Technology Enhanced Learning of Musical Instrument Performance (TELMI) is bringing state-of-the-art technologies into the practice room and teaching studio to enhance how musicians learn their instruments.
Learning musical instruments is challenging. Musicians, whether those at the beginning of their journey or experienced practitioners, must balance the need to learn a great deal of technique and repertoire with limitations in their time, physical and mental endurance, and ability to communicate a complex and abstract set of thoughts and movements. This results in the high rates of stress, frustration, burnout, and injury seen among musicians at all levels, and can deter young musicians from taking up or continuing with their studies.
The EU-funded TELMI project is addressing these challenges by developing a suite of technology to enhance musical learning. Using the violin as a case study, the RCM Centre for Performance Science is developing a pedagogical framework for the system that embraces both traditional methods of violin instruction and modern cognitive research on how people gain expertise and learn skills efficiently and effectively. At the heart of the system are the groundbreaking advancements in audio, video, and motion-capture systems being developed by the project partners at Pompeu Fabra University and the University of Genoa. Highskillz is bringing its expertise in digital learning platforms and gamification to develop an intuitive user interface that can both guide and motivate a beginner and provide high-level feedback to an expert, all while incorporating a social learning system that helps musicians learn from their peers. SAICO Intelligence will guide the resulting system to the market, ensuring it reaches as many potential users as possible.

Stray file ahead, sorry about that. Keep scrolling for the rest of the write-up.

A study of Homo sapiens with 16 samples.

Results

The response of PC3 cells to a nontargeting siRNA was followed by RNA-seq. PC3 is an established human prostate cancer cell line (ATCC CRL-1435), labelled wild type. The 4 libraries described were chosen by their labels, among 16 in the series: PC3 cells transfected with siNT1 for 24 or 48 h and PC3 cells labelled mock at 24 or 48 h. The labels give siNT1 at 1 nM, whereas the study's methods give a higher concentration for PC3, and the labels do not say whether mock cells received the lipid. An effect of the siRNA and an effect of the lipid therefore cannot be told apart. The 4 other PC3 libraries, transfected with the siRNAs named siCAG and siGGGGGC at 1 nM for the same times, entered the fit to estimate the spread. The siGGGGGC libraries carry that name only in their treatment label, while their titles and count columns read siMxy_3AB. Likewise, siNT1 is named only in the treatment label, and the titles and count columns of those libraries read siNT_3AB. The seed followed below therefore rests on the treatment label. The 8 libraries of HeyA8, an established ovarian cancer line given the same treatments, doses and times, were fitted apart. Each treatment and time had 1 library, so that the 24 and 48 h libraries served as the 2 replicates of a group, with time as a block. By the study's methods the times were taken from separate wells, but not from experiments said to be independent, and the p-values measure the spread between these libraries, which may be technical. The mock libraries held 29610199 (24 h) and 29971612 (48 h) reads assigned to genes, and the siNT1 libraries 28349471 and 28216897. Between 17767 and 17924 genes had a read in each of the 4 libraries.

Over three years (2016-19), TELMI will result in a unified system that can be tailored to a wide range of musicians, experience levels, and learning situations. It will help musicians make the most of their time in lessons and practice, reduce injury and inefficiency, expand their access to communities of musical knowledge, and become better performers.
TELMI is run by the Centre for Performance Science.